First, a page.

AAP staff report
MINNEAPOLIS (August 19, 2010) – Asian and Pacific Islander men of Minnesota took a proactive approach toward domestic violence and anger management with a two-day event August 19-20 at Oren Gateway Center of Augsburg College. More than 70 people participated in an intensive training to examine the intersection of sexism and racism and to explore how power and privilege contributes to violence against women and children.
The event was facilitated by Mr. Pheng Thao, Director of Community Programs for Asian Women United of Minnesota in collaboration with more than 20 partnering Asian Pacific Islander organizations and community leaders to show unprecedented support on this issue.
“Well-meaning men need to take action to end violence against women because men have a unique and powerful role in ending violence,” said Thao. “Men need to stop giving other men permission to oppress women.”
The several workshops were developed by and for Asian American men to examine the intersection of sexism and racism, and to explore how power and privilege contributes to violence against women and children. The sessions were led by respected community leaders who invited participants to make a personal commitment to help address a crisis problem in the APIA and in all communities.
The Minnesota Coalition for Battered Women notes that there were 17 API women and 6 Asian children were killed as a result of domestic violence in Minnesota from 1999 to 2009.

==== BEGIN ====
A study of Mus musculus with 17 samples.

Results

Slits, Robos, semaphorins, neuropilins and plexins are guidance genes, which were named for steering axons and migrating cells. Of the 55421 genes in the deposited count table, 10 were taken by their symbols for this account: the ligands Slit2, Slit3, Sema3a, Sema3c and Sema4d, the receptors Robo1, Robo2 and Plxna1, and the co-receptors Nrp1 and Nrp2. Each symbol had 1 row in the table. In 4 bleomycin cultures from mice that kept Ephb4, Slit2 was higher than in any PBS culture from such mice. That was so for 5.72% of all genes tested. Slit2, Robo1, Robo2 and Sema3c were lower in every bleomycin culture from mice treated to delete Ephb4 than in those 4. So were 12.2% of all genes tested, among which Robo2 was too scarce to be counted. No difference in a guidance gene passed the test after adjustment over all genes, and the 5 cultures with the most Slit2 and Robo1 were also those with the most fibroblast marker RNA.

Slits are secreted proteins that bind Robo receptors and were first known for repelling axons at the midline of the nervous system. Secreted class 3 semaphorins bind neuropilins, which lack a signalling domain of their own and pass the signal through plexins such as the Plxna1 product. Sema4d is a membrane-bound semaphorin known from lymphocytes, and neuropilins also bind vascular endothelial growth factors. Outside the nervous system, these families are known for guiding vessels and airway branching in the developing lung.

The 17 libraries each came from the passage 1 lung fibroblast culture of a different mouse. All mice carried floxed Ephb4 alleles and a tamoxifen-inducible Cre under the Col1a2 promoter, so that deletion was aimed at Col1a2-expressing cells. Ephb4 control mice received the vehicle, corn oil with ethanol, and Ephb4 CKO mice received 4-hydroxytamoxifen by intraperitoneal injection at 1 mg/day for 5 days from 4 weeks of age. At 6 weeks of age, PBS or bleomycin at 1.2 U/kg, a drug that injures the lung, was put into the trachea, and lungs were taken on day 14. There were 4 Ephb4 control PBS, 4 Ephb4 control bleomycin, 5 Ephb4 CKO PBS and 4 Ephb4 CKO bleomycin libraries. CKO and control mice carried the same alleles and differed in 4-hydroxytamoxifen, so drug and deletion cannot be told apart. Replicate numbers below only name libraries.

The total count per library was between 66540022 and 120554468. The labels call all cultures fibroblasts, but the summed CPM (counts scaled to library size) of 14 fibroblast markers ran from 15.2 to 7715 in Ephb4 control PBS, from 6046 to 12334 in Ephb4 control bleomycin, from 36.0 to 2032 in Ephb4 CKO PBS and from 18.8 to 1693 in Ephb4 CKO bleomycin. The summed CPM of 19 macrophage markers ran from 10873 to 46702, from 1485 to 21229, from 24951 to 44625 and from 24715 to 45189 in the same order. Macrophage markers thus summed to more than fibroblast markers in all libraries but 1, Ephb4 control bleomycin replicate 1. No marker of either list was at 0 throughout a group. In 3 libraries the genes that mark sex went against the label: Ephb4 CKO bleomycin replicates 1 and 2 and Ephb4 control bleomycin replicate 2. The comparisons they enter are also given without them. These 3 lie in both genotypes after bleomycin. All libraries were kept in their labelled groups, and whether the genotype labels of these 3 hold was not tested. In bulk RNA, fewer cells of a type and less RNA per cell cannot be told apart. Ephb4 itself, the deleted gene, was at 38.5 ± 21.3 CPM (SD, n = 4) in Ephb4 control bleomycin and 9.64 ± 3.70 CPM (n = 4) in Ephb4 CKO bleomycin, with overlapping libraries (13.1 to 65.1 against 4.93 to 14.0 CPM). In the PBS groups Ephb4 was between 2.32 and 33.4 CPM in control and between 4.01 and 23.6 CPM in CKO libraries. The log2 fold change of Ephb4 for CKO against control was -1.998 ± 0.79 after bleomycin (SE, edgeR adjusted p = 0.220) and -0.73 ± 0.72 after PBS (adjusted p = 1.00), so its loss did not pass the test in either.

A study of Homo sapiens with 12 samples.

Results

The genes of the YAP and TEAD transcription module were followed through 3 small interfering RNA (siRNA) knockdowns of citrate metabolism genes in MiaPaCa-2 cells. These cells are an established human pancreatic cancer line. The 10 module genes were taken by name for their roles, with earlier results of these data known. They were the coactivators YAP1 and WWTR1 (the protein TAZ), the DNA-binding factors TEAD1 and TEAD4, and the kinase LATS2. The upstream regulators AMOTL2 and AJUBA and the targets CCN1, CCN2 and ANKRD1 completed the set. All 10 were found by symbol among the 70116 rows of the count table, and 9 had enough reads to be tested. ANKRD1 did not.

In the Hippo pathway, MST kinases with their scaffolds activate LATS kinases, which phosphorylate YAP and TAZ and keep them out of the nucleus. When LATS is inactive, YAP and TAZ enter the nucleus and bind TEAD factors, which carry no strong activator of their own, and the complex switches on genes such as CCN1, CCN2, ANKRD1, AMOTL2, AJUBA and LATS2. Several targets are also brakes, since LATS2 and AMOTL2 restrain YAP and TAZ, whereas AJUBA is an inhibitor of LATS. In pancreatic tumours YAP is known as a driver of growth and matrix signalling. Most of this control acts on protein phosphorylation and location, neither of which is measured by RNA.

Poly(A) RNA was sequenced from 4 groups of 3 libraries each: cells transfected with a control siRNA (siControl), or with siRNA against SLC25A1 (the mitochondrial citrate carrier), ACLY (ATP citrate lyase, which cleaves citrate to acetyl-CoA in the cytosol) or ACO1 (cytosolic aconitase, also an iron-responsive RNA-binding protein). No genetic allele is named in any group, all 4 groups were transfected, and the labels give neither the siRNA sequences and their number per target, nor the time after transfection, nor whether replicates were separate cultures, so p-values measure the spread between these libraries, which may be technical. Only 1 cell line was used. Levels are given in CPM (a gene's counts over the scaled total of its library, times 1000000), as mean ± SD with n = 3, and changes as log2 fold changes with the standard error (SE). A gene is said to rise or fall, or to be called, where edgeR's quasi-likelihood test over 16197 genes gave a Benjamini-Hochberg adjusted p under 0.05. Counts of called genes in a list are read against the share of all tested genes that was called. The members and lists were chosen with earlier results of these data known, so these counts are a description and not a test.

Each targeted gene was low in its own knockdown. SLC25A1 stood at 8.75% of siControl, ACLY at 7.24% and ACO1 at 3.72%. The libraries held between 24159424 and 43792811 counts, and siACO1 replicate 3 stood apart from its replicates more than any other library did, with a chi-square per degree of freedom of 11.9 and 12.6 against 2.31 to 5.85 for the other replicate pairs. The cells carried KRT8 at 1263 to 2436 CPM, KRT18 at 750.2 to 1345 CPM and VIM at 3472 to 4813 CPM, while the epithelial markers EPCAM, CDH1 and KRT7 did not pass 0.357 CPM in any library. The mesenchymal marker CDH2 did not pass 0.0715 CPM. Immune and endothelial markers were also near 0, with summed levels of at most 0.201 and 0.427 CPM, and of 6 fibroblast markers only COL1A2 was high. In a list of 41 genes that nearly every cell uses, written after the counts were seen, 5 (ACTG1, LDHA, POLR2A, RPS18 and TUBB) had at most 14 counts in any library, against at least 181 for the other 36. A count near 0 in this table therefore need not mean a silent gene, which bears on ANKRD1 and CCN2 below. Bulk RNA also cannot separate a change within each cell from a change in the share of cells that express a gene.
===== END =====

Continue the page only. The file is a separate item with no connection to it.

MCBW statistics also note that in all populations 18 adults were killed in 2009 alone due to familial and domestic violence, and that 12 were women killed by a current or former intimate partner. Countless others continue to suffer physical, emotional and verbal abuse on a daily basis.
The classes went beyond the tragic statistics and also emphasized the life issues and culturally relevant immigrant life experience that contributes to the pressures and expectations placed on the APIA male as head of household. The participants learned to identify the stressors and how to prevent the build up of pressures that can cause people to ‘snap’ rather than to find a productive release or avoidance measure.
The classes also worked on issues of cultural expectations on women and girls and when they may come into conflict with their individual life goals and education.
The API Men Institute sponsoring partners included Augsburg College, A Call to Men, Freedom, Inc., Greater Twin Cities United Way, Hnub Tshiab: Hmong Women Achieving Together, Pan-Asian Student Services (Augsburg), Pangea World Theater, Professional Hmong Women Association, Sewa-Asian Indian Family Wellness, and Sib Pab Ciaj Vaj.
AWUM is a non-profit organization dedicated to end domestic violence by promoting safe and healthy relationships within the Asian-Pacific Islander community. For almost a decade, AWUM has provided 24-hour emergency shelter (House of Peace) and advocacy to women & children victimized by domestic violence in the Minneapolis/St. Paul and surrounding areas.